The Professional's Guide to Basic Dinner Etiquette
Sharing a meal is an excellent way to build interpersonal relationships. In fact, you can learn a lot about a person by the way they eat. It is rumored that President Ronald Reagan once said, “You can tell a lot about a fella by his way of eating jellybeans.” While you most likely won’t be eating jellybeans at a formal dinner, it is worth noting that your actions, going as far as the way you eat, matter.
Throughout your career, you will be invited into homes for formal dinners or have the opportunity to attend special galas. I wish I had understood dinner etiquette tips before attending these events. I look back and realize I might have looked immature with my lack of formal table manners.
Having proper dinner etiquette will leave a lasting impression on potential employers, your current boss, and your peers. Being a courteous dinner guest at an important event, or in someone’s home, demonstrates your respect for the host and other guests.
Here are a some ways you can exercise proper dinner etiquette.
1. If you are a guest at a dinner party, bring a small gift for the host.
The dinner host has spent countless hours cleaning their home, preparing food, and contacting guests in order to throw a successful party. Bringing a small gift, like a bottle of wine or flowers, is a nice gesture to demonstrate your gratitude for the host’s hard work.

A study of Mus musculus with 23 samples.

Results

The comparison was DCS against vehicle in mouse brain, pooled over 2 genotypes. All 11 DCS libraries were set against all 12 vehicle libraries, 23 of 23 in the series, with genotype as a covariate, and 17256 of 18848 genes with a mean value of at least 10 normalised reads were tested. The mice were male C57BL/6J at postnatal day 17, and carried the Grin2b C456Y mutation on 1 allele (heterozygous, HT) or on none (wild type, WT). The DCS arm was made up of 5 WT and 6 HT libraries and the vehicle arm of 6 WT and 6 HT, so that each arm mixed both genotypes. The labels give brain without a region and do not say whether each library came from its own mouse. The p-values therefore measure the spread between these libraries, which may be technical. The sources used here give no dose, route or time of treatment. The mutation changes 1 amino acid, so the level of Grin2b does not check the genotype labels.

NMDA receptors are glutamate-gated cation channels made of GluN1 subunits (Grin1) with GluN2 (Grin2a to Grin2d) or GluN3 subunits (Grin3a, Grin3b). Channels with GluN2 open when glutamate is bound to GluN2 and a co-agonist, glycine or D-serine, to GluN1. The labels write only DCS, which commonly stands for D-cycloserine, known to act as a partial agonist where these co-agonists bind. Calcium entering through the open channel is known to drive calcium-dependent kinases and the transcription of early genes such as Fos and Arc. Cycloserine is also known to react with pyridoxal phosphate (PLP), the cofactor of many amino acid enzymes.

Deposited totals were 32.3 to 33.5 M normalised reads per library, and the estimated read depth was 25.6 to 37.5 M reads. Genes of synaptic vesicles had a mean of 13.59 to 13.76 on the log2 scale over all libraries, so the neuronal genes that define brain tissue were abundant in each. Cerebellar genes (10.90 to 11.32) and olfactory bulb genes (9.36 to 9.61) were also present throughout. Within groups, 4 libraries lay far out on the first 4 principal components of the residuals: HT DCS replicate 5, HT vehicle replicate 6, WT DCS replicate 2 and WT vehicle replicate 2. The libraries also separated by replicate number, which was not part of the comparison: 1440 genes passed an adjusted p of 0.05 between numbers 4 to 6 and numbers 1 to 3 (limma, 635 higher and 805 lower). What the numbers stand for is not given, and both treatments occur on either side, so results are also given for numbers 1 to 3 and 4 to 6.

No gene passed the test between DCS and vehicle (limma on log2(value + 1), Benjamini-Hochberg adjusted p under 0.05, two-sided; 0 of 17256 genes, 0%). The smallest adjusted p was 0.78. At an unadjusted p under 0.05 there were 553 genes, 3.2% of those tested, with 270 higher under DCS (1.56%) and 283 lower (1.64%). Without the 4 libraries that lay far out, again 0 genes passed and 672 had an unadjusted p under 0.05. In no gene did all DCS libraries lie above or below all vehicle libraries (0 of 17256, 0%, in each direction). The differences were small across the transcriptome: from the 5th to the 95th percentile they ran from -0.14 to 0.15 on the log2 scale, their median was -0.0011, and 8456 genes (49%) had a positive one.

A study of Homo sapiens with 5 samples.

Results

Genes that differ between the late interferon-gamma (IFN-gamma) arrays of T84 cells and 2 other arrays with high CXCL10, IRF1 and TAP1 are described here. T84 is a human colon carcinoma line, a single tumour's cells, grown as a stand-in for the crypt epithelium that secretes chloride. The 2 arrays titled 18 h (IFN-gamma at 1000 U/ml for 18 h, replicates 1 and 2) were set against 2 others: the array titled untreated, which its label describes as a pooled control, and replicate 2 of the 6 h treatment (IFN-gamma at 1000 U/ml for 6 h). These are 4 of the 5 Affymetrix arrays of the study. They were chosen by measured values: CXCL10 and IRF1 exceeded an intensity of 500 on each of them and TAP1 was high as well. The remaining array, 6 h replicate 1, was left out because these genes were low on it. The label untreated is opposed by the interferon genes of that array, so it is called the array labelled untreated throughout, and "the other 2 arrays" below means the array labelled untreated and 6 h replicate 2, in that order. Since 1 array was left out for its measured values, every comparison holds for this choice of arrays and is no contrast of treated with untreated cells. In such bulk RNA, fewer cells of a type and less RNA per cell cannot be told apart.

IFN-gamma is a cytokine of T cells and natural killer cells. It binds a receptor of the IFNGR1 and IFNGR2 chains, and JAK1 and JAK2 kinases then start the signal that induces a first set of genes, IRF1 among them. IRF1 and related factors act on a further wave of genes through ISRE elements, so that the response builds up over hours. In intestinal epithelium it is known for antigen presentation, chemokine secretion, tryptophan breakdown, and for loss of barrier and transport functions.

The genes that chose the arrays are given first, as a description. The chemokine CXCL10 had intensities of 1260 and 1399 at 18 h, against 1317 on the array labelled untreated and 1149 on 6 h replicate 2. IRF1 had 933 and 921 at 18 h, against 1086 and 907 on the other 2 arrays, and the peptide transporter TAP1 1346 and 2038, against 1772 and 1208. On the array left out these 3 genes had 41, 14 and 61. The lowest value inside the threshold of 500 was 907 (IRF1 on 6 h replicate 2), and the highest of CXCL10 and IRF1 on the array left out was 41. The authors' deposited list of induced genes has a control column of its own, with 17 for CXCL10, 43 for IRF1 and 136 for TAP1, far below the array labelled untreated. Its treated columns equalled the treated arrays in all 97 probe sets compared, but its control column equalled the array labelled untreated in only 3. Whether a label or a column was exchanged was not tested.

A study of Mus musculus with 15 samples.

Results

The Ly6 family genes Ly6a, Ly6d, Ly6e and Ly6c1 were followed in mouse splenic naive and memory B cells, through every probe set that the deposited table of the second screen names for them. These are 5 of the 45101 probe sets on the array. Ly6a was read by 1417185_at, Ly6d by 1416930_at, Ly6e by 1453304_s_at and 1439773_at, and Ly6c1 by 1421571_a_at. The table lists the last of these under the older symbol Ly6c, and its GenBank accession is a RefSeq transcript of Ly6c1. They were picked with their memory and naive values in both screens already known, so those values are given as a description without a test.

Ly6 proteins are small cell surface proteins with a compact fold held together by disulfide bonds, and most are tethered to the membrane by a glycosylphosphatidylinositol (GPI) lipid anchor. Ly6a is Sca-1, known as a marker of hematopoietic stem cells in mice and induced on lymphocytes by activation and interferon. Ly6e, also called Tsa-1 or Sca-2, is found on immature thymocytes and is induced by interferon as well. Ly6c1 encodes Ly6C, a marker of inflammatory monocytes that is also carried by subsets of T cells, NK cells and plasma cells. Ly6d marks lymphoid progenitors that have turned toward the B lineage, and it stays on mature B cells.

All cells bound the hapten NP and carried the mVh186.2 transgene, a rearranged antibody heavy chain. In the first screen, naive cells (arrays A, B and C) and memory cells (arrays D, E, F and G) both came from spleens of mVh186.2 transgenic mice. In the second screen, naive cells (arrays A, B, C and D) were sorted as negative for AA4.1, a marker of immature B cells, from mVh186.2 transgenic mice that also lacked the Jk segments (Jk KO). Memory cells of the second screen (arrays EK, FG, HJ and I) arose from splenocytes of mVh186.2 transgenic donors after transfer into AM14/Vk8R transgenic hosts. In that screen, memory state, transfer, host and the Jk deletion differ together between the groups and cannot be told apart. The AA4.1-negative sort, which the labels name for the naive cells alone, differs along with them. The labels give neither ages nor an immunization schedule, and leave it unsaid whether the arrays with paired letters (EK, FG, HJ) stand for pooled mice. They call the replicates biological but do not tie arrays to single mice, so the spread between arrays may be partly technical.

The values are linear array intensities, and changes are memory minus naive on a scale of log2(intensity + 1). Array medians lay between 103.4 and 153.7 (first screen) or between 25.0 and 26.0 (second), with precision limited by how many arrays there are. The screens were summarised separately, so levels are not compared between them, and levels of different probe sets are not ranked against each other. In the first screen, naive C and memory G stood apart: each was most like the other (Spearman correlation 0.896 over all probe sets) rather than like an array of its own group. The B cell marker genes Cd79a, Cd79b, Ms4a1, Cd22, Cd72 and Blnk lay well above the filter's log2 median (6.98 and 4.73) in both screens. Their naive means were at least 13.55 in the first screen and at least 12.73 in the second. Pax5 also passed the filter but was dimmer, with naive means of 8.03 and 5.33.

At a dinner event, the guest of honor at a table will be the first one to eat. Once they begin, everyone else at the table may proceed. If there is not a specific guest of honor, then the host or hostess of the dinner party assumes that role. If you are at a gala or other event that does not have a guest of honor or host at your table, you must wait until everyone is seated with their food to begin eating.
3. Never touch your food!
Unless you’re eating fried chicken or bread, using silverware is the only way to politely eat your food. Eating with your hands looks quite animalistic. Need I say more?
When cutting meat (and other foods), it is customary in the United States to hold your knife in your right hand and your fork in the left hand, tines down. The fork should be used to hold the meat in place as you cut off one small piece of meat. You should then place the knife on the right side of your plate and shift the fork to your right hand to eat the piece of meat. Repeat this process for each piece of meat that you eat. Yes – that means cutting and eating individual pieces at a time. Never cut up several pieces of meat at once.
5. Introduce yourself to the other guests at the table.
Personally, I find few things more awkward than having to eat a meal next to someone I have never met. Also, it’s rude to sit next to someone and not acknowledge them. Upon arriving at the table, introduce yourself to guests who you do not know. Not only is this polite, but it also creates an opportunity to expand your professional network.